Chestermere residents file petition of non-confidence in their mayor and council

Thousands of people who live in Chestermere are calling on the Alberta government to step in because they've lost confidence in their city council's ability to govern.

Thousands sign document calling on Alberta to investigate their municipal government

Chestermere residents pour over a city presentation last January, trying to figure out how utility board members took three years to figure out a major accounting problem that led to a sudden, 25% hike in their monthly bills. (Colleen Underwood/CBC)

Thousands of people who live in Chestermere are calling on the Alberta government to step in because they've lost confidence in their city council's ability to govern.

Chestermere resident Laurie Bold hand delivered a petition to the legislature in Edmonton on Thursday, one that she said includes more than 5,400 signatures.

It calls on the minister of municipal affairs to launch an investigation into the mayor and council of Chestermere, based on a host of concerns raised by residents of the small city on Calgary's eastern flank.

"The people have lost their faith in their governing council and there's many reasons why this has come to be," Bold said.

"It wasn't hard to go get these signatures."

Bold said residents are fed up with ever-increasing taxes and utility bills and a recent, massive financial error by the town's utility provider was the "last straw."

The new CEO of Chestermere Utilities Inc. alerted town residents to the mistake last December after she realized customers had been charged less than the cost to provide water, wastewater, garbage and recycling services for roughly three years.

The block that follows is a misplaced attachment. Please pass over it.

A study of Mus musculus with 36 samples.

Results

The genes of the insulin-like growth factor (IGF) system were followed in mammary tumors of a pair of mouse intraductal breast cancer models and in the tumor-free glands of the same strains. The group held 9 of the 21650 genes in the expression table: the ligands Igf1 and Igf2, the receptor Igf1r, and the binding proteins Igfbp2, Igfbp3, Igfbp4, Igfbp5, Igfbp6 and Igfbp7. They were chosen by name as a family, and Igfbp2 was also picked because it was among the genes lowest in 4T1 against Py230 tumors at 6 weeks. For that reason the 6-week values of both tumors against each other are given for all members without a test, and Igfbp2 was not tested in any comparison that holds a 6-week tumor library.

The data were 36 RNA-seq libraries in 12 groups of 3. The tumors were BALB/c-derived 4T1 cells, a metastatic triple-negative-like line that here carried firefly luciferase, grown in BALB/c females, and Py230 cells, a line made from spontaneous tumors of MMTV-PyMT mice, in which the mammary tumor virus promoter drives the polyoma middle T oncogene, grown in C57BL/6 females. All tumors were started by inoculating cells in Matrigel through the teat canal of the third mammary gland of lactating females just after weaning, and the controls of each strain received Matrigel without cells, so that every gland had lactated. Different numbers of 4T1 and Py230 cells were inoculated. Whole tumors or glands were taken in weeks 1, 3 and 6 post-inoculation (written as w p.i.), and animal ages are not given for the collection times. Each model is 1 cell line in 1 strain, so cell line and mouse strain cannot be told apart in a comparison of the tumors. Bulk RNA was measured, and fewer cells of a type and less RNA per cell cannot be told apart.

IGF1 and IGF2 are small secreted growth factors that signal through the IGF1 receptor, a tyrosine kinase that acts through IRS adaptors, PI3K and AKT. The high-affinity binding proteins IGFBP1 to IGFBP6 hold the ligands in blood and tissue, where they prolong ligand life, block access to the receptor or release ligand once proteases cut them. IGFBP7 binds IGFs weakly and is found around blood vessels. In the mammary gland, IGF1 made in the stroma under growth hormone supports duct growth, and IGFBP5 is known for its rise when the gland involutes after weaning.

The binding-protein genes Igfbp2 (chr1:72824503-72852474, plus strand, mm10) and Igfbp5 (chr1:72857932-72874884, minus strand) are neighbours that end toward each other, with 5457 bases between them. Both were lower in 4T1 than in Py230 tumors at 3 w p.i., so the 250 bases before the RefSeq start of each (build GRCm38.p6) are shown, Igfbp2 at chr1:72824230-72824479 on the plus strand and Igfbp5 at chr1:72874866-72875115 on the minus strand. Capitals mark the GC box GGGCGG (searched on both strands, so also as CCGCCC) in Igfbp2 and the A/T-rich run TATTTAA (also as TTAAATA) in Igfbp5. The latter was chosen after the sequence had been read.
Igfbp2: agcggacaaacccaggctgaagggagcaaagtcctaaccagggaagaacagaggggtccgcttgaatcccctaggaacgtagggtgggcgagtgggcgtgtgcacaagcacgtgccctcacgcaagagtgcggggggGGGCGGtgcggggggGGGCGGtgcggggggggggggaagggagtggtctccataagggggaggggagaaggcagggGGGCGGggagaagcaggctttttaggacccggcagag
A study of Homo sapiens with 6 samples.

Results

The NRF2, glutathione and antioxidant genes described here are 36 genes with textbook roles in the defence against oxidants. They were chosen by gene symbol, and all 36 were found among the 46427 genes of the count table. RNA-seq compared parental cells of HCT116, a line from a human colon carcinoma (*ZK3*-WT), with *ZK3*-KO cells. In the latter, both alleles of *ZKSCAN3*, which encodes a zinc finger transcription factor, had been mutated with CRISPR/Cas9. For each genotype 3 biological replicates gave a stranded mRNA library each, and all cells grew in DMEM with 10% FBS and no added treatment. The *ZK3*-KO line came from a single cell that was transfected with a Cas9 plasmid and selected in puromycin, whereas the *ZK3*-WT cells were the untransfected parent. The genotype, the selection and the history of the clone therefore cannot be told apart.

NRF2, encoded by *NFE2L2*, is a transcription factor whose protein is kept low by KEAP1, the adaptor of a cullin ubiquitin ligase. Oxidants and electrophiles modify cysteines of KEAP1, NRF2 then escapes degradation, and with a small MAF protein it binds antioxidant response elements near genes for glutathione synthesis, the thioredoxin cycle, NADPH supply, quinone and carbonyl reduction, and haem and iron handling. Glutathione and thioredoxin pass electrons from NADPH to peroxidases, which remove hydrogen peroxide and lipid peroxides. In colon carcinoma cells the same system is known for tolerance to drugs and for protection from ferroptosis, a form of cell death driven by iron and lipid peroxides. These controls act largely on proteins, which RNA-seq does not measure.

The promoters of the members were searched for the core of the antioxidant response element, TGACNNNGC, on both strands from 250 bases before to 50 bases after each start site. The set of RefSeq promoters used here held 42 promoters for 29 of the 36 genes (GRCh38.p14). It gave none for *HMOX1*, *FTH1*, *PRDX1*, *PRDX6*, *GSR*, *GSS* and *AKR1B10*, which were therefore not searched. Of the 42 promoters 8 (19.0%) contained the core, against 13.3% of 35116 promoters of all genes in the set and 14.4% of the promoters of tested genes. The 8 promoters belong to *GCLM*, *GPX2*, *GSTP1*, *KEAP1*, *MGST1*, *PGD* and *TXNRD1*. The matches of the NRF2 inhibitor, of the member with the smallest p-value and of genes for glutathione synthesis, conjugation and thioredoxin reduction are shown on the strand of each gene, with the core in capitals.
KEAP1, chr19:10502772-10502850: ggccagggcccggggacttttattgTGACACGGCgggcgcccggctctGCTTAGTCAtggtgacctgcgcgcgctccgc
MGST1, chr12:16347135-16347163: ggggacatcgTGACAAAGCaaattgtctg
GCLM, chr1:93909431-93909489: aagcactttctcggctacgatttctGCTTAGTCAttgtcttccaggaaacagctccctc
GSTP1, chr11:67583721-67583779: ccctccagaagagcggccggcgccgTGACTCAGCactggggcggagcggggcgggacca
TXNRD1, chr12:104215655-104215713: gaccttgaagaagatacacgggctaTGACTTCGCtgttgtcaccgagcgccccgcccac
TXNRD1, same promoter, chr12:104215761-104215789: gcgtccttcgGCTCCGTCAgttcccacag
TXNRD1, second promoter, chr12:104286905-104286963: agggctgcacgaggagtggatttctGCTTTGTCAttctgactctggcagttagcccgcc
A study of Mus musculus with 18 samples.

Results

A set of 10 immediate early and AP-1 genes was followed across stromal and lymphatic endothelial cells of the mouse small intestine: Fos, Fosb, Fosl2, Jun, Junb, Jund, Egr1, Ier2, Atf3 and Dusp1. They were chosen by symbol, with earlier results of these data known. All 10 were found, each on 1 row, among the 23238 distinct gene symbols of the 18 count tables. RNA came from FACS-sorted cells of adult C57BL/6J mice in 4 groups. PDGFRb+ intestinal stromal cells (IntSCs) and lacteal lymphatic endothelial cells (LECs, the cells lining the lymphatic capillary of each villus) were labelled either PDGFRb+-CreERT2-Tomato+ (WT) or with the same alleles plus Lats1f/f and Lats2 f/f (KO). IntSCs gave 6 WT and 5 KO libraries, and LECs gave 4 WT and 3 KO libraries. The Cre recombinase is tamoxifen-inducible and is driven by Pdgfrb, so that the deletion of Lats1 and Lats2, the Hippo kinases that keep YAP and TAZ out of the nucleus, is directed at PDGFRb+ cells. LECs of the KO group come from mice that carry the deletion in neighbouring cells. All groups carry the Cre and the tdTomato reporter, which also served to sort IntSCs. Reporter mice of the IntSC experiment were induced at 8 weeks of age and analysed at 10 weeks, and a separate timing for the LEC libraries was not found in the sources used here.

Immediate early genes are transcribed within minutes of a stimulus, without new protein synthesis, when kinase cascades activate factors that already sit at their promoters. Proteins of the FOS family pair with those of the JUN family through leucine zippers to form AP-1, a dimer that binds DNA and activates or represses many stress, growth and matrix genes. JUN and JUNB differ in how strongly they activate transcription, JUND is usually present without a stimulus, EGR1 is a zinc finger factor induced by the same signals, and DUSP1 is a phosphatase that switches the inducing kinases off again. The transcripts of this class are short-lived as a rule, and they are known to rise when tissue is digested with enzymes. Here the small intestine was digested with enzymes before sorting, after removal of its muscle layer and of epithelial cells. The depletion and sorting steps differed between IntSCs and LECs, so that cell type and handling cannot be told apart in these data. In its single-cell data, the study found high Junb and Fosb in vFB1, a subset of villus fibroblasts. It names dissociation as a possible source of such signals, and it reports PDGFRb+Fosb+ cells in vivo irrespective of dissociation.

The result was a sudden, 25 per cent hike to monthly utility bills, angering many residents in the community of 15,000.

Tax bill quadruples in 10 years

Judy Dougan said she's upset because she moved to Chestermere in 2004 due to the fact it had lower property taxes than Calgary but has since seen that advantage evaporate.

She said her first annual tax bill in Chestermere was about $1,200 but, by 2014, the tab had grown to $4,800.

Part of that, she said, was due to improvements made to the home but she said finishing a basement shouldn't account for her property tax bill quadrupling over 10 years.

"It's very expensive," Dougan said. "It's to the point, for us, if things don't change, we're going to move back to Calgary."

CBC News has requested an interview with Chestermere Mayor Patricia Matthews but she has yet to reply.

Ministerial powers

Shannon Greer, press secretary for Municipal Affairs Minister Danielle Larivee, said the petition has not yet been officially received and she can't comment specifically on it.

In general, however, she noted the minister does have the power to direct the council or chief administrative officer of a municipality to take any action that the minister "considers proper" if it is found that a "municipality is managed in an irregular, improper, or improvident manner."

"Only in very rare and extreme circumstances does this result in the removal of councillors," Greer said in an email.